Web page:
It’s that time of year again – the weather is warming, it’s humid out, especially if you’re in the Mid-Atlantic or North East like me and it’s about a month before we see the mosquitoes in full swing. If you’re concerned about your health, you’re probably spending a good amount of time outside soaking in the fresh air and sun and maybe even a campfire or two.
Unfortunately, if you’re like me, you’re in the 10-20% of people that get bit more than others. Check out the video below for a quick summary of the reasons some people get bit more than others and what you can do about it, plus some suggestions of my own.
According to researchers, 85% of the reason you get bit is genetic. The mosquitoes can literally smell it on you. In addition to genetics there are a few other variables that can impact your apparent tastiness to hungry mosquitoes.
People that produce and secrete more lactic acid from their sweat glands tend to attract more mosquitoes. Additionally, mosquitoes (especially those infected with malaria) seem to be most attracted to sweat that has been sitting on your skin for a day or two as opposed to fresh sweat.
As I’ve discussed before, you have trillions of bacteria on and inside of you at all times and no surprise here, it even influences how attractive you are to those little winged devils. If you happen to have more Staphylococcus or Variovorax chances are, you’ll be getting bit more. Interestingly if you have more Pseudomonas, Leptotrichia, Delftia, or Actinobacteria living on your skin, you’re more protected from getting bit.
According to the video above a study from 2004 also showed that people with Type O blood were twice as likely to have mosquitoes land on them compared to people with Type B. Lucky people with Type A blood were even less likely to have mosquitoes make a pit stop on them.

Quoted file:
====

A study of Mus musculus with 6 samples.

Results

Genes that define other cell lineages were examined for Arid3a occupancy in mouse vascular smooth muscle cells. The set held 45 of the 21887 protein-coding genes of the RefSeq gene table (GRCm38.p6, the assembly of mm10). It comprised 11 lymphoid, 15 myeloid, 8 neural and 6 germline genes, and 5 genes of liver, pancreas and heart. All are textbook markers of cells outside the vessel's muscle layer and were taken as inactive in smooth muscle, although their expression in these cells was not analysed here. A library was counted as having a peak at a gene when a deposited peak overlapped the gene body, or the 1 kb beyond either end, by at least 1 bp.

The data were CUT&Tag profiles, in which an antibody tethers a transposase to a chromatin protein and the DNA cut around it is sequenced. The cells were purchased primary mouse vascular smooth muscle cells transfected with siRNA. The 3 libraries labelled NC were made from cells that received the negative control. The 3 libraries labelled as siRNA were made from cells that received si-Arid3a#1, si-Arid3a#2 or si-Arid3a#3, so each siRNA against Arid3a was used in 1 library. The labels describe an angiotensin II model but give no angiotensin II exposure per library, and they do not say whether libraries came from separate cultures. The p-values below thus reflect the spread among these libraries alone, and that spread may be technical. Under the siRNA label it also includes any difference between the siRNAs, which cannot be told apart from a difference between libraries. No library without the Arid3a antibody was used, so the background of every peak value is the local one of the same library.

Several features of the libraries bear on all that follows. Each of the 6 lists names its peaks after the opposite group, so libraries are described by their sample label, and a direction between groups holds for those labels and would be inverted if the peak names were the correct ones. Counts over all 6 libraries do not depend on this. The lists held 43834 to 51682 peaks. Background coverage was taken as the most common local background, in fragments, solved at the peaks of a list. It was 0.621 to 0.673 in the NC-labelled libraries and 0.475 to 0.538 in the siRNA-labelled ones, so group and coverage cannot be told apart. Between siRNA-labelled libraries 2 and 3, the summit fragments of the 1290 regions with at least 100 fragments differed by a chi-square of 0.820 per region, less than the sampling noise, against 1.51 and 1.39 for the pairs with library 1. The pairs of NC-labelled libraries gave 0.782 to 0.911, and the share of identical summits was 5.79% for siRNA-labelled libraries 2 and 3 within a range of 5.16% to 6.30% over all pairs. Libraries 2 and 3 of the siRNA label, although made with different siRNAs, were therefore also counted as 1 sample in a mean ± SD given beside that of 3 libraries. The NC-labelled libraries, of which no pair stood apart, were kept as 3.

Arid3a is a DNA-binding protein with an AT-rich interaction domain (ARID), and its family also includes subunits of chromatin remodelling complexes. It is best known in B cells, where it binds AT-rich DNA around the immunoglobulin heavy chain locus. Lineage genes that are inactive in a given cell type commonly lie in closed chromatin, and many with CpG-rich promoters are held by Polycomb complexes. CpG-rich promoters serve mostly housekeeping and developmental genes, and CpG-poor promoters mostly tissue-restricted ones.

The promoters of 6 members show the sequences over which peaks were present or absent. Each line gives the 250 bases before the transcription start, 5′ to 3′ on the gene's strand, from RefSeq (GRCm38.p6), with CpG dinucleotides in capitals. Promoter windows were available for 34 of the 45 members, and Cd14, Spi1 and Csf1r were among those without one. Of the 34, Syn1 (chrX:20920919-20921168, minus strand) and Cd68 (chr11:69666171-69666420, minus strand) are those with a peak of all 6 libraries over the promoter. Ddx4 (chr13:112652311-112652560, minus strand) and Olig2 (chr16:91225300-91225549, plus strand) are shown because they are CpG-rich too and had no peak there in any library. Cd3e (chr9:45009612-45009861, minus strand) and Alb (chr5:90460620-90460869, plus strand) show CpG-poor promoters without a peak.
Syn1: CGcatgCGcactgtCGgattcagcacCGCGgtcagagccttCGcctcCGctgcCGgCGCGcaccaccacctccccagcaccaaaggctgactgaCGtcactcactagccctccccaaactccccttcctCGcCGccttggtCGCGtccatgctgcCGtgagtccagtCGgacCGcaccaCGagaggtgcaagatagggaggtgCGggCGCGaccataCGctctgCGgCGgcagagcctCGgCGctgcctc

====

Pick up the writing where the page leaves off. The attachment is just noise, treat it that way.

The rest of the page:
In addition to your skin, what’s coming out of your mouth could also be increasing your risk for mosquito bites. If you produce more CO2 upon exhalation, mosquitoes will smell this and will be attracted by it. As a result, larger people and pregnant women who naturally produce more CO2 while breathing will probably suffer the most.
And finally bad news for most backyard BBQers. Beer drinkers seem to get more mosquito bites which might be a result of them breathing more heavily as people tend to do while drinking or because of increased body warmth.
What To Do:
Experts recommend the common insect repellent DEET, but it comes with some risks, especially for pregnant women as DEET has been shown to cross the placenta.
As mentioned earlier, day-old sweat attracts more mosquitoes, especially ones infected with malaria so if you’re going to be spending time outdoors make sure to wash often. Avoid excessive use of antibacterial soaps as they can alter the kinds and amounts of bacteria on your skin making you more likely to have the types that make you susceptible to attracting mosquitoes.
It may seem obvious but wear protective clothing especially around areas that have a lot of blood supply and are warm. The ankles, forearms and your neck are particularly susceptible. Linen and light cotton fabrics should be enough to block out most intruders. If you are pregnant, this is especially important. Additionally, as someone who gets bit often, I find that staying near citronella candles or beebalm plants (also known as horsemint) as well as planting a lot of marigolds in the backyard can help keep the mosquitoes at bay so you can actually enjoy your time outside.
Do you have any other tips or tricks to keep the bites away? Leave it in the comments below.